All states have child custody laws in place for when couples divorce. However, these laws don’t always apply, as not everyone has kids. But a growing number of couples have pets, such as dogs and cats. So what happens when they divorce? Are there custody laws that apply?
For the most part, no. Only California, Illinois, and Alaska have pet custody laws in place. Ohio and all other states consider pets to be property. In a divorce, they are split like furniture, jewelry, and other assets. So who gets to keep Fido or Fluffy in a divorce?
Well, it’s complicated. You may view your beloved pet as a member of the family, but the law says otherwise. Ohio is an equitable distribution state, but that doesn’t make the process easier. Fortunately, there are options, if you and your spouse can come to an agreement.
Is the Pet Marital Property?
First things first—when did you acquire the pet? If you owned the pet before you got married, then the pet will remain yours after a divorce. That’s how property laws work in Ohio. Separate property is not divided in a divorce.
Who Gets the Pet?
You acquired your dog or cat during the marriage, so who gets to keep them? Judges try not to rule on pet matters, but they will often make decisions based on the best interests of the animal. They may make decisions based on factors such as:
- Who has been primarily responsible for the pet’s care (feeding, grooming, vet visits, etc.)?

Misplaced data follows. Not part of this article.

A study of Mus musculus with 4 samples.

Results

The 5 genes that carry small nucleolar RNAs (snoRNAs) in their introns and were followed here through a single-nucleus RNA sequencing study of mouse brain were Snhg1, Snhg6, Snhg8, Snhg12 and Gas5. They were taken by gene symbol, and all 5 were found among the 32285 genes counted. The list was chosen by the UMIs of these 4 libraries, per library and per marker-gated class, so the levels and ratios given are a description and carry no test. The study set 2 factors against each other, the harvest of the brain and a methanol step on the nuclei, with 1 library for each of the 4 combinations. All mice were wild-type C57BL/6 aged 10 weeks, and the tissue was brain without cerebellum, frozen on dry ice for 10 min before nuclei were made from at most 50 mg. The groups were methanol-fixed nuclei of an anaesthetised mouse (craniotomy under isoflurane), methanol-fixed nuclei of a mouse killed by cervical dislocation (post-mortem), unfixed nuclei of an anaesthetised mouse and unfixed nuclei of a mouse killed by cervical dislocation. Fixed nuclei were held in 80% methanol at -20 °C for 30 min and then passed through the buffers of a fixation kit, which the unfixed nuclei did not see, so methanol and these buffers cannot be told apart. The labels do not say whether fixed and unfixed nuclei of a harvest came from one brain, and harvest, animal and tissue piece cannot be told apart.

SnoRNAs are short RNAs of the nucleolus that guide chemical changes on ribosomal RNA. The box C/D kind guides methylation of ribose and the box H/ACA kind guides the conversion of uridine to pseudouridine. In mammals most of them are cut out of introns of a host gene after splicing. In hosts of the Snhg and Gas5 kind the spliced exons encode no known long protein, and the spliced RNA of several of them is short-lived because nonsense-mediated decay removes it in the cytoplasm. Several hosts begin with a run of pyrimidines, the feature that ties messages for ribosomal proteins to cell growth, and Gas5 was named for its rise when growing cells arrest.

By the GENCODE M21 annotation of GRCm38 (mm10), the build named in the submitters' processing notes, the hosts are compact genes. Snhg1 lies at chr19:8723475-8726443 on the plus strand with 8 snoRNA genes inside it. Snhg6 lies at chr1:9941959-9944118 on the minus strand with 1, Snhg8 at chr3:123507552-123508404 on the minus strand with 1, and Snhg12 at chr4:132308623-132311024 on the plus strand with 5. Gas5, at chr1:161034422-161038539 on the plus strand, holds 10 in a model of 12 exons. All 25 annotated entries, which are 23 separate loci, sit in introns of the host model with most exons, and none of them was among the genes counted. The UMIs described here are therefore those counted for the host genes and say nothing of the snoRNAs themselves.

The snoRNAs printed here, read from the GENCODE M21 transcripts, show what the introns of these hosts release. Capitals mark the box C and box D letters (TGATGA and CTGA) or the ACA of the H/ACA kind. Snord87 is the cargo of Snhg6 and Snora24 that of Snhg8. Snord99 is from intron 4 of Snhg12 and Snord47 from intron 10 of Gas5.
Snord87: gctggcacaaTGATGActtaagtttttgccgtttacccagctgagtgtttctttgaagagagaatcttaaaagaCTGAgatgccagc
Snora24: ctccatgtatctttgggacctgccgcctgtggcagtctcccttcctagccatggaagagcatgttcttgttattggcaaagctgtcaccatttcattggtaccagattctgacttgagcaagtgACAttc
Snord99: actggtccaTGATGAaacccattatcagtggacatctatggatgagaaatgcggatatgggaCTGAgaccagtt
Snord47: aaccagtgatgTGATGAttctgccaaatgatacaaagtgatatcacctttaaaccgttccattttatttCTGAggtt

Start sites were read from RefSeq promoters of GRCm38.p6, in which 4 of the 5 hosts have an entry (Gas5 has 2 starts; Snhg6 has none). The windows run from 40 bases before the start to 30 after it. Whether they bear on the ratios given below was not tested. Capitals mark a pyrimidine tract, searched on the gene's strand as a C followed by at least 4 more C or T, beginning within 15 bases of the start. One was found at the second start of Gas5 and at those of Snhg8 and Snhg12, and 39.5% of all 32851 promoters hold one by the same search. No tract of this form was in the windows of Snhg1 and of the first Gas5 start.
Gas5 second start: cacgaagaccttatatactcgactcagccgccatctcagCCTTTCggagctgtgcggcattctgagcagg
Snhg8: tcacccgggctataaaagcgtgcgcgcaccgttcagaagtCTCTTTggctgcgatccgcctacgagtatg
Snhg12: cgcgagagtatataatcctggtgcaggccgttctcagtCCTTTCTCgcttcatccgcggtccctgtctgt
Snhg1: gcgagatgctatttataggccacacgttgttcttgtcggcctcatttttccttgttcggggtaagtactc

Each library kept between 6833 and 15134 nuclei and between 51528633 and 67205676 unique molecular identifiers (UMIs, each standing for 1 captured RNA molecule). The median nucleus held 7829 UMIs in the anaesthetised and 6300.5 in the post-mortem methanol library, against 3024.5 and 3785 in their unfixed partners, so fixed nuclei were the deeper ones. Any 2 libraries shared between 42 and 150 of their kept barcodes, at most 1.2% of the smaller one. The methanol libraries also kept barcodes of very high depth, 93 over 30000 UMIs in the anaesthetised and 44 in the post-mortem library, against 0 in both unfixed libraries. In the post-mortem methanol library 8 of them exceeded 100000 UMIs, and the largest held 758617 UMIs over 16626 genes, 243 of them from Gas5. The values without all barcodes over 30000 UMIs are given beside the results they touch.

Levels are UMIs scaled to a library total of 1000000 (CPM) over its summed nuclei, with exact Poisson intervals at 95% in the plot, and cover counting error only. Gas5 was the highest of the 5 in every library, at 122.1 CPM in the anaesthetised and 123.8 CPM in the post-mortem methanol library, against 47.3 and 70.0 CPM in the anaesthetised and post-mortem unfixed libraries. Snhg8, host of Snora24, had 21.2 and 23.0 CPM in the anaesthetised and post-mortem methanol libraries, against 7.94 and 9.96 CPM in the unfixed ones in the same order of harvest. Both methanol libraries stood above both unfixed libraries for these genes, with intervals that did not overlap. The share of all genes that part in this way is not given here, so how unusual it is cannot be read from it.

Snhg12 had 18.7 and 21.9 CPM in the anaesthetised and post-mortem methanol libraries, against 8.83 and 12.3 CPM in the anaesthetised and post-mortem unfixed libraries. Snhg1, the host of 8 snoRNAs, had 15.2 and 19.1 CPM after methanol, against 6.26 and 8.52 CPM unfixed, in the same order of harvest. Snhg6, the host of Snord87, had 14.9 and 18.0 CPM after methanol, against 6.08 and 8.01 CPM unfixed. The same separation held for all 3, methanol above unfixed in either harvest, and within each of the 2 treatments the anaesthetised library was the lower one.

- Who has spent more time with the animal?
- Who bought the pet? Are there any names on ownership papers?
- After the divorce, who will be able to give the pet the best care?
- Will one or both spouses have sufficient room in their homes to care for the pet?
- Is there a child who is attached to the pet?
- Does either spouse have a history of animal abuse?
Work Out an Agreement on Your Own
You don’t have to have a judge make a decision about the custody of your pet. In fact, it’s better if you and your spouse can come to an agreement on your own. You two know the pet better than anyone else. Where should the pet live? Who should have custody? Can you come to an agreement on shared custody? If so, it’s a lot better than taking the case to court. If you two cannot agree, consider mediation.
Contact Us Today
Each state has laws for child custody in a divorce, but when it comes to pets, Ohio and most other states fall short. If you divorce while owning cats, dogs, or other pets, what will happen to them?
Can you and your spouse reach an agreement on your own? If not, seek legal help from the Columbus divorce lawyers at Lawrence Law Office. We can give you the right advice. Schedule a consultation today by filling out the online form or by calling 614-228-3664.